March 9, 2011

sooo. I have read 3 books in the last two weeks, but the coffee and sanity mixture in my brain did not allow for any new reviews to be written. I did get the chance to go listen to Patrick Rothfuss speak at Powell’s Beaverton, but that was neither here nor there as reading and listening to authors just proves that I should have made time for a new review.

INSTEAD, I shall recycle some content. please see below, a review of William Gibson’s short story collection ‘Burning Chrome’.

Chalk this one up as “Jason owes you all a non-scheduled post in the near future”.

William Gibson’s Burning Chrome, 1986

Public transit actually made this a more enjoyable read than I would otherwise think. It is not so much that the bumping and swerving of bus drivers, or the low pitched drone of a rail system enhanced the book. Instead, there was more that there was time to mull it over.

A couple weeks back, I finished reading Burning Chrome on my way to work. When finished, I was surprisingly lucky that I did not have a “back up book” with me. It is very rare that i do not have a second book available to me. In this case, it had slipped my mind that I would be finished soon. Half of the last story was left when I just gave up. When i arrived at work, I handed the book to a coworker who wanted to read it and wrote it off as unfinishable.

As far as collections of short stories go, I tend to stay away from them. They seem like teases to a larger plot line, the story that i would prefer to read. They often seem either too rushed to make a point, or too slow and thus meandering about, ultimately showing an authors inability to create a shortened and cohesive tale.

When I read this collection, it did not swayed from my typical short story experience. In fact, I had difficulty reading every story as each one fell into one of the categories. As stated earlier, it was bad enough that when I got to the last tale in the book (having read only 3-4 pages)  I just called it quits. I didn’t feel bad about it, I felt victorious. I had beat the compulsion to finish reading it,  regardless that my level of enjoyment was minimal.

Cue the ride home: Bare handed and unable to zone out. I kept staring at the folks riding the train and I found myself comparing individuals to characters from the book, each taking on a life that was not previously associated. As we passed under the freeway overpasses and through Portland’s Washington/Zoo tunnel, I recalled details from the underworld of Johnny Mnemonic. Certain shops we went past brought forth an art deco alternate reality. Homeless people on the street became computer geniuses in a slovenly and grimy future or juiced up cybernetic fiends needing a fix. Each tale became bigger and more lifelike than when I read it.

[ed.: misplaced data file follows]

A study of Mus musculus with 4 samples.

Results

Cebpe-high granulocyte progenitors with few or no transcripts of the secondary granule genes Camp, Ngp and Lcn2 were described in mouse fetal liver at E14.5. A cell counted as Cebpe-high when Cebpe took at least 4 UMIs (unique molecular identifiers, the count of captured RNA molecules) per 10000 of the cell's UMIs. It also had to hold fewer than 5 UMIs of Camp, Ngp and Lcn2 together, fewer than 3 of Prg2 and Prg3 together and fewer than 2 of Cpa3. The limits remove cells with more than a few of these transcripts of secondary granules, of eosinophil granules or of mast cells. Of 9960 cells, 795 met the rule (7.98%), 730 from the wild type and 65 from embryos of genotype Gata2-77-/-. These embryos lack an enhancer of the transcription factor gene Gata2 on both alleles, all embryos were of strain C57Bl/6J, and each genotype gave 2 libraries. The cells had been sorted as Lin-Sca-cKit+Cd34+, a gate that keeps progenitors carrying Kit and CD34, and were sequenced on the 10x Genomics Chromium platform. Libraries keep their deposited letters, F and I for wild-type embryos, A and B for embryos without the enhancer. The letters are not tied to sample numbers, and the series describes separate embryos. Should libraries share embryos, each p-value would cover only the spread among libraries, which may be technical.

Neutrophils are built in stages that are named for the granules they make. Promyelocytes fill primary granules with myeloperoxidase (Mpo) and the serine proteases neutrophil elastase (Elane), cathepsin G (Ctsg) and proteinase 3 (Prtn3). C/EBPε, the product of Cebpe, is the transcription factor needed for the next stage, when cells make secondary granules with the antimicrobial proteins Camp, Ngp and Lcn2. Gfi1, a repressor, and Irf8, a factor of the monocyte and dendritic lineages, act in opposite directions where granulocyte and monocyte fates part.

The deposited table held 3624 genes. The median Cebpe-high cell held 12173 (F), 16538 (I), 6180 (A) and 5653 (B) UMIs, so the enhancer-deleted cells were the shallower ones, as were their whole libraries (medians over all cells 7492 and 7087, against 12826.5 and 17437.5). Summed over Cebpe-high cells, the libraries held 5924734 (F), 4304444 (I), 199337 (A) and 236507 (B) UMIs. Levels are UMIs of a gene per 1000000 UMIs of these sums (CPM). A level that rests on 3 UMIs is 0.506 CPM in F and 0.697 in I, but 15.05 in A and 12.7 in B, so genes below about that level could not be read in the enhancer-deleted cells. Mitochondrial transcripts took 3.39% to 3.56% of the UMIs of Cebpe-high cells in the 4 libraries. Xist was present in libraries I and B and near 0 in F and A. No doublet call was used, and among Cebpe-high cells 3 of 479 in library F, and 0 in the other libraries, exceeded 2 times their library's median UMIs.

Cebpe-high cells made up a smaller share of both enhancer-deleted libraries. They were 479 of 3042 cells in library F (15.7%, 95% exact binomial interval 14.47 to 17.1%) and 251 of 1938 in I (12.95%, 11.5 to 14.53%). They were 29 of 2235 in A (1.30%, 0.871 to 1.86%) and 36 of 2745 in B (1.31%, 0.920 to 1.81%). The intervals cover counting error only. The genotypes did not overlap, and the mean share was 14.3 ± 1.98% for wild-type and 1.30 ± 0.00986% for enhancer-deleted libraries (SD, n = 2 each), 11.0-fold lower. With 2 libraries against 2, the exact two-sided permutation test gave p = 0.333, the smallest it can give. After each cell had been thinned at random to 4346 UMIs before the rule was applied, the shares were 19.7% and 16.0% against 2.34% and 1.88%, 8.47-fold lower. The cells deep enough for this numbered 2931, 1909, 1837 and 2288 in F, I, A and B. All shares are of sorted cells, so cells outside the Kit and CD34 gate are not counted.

When I got back to work the following day I picked up the book from my coworkers desk and finished reading the last story. It seemed appropriate, as opposed to compulsory.

Like Neal Stephenson, Gibson is given a lot of glory for the darker side of our modern sci-fi future, for the cyber punk hell holes where everything is better, provided you never scratch the surface or wish for autonomy. I don’t think that my mind had fully absorbed what I was reading.

This book was like a good a good local or home brew porter. Underneath a perfect, cream colored head, you find a dark nectar and perhaps some sediment suspended, trying to sink but unable to. With the right recipe and the proper delivery, even a pessimist given a half glass would still say, “That’s a damn fine brew”.


One Comment leave one →
  1. March 10, 2011 1:26 am

    Wow, what a nice metaphor at the end!

    I recently read Gibson for the first time—Neuromancer—a couple of months ago, and wasn’t enthralled. However, there was awesome world-building involved, so if I try your trick—turning strangers into characters—maybe I’ll connect that world to some real feeling. Intriguing.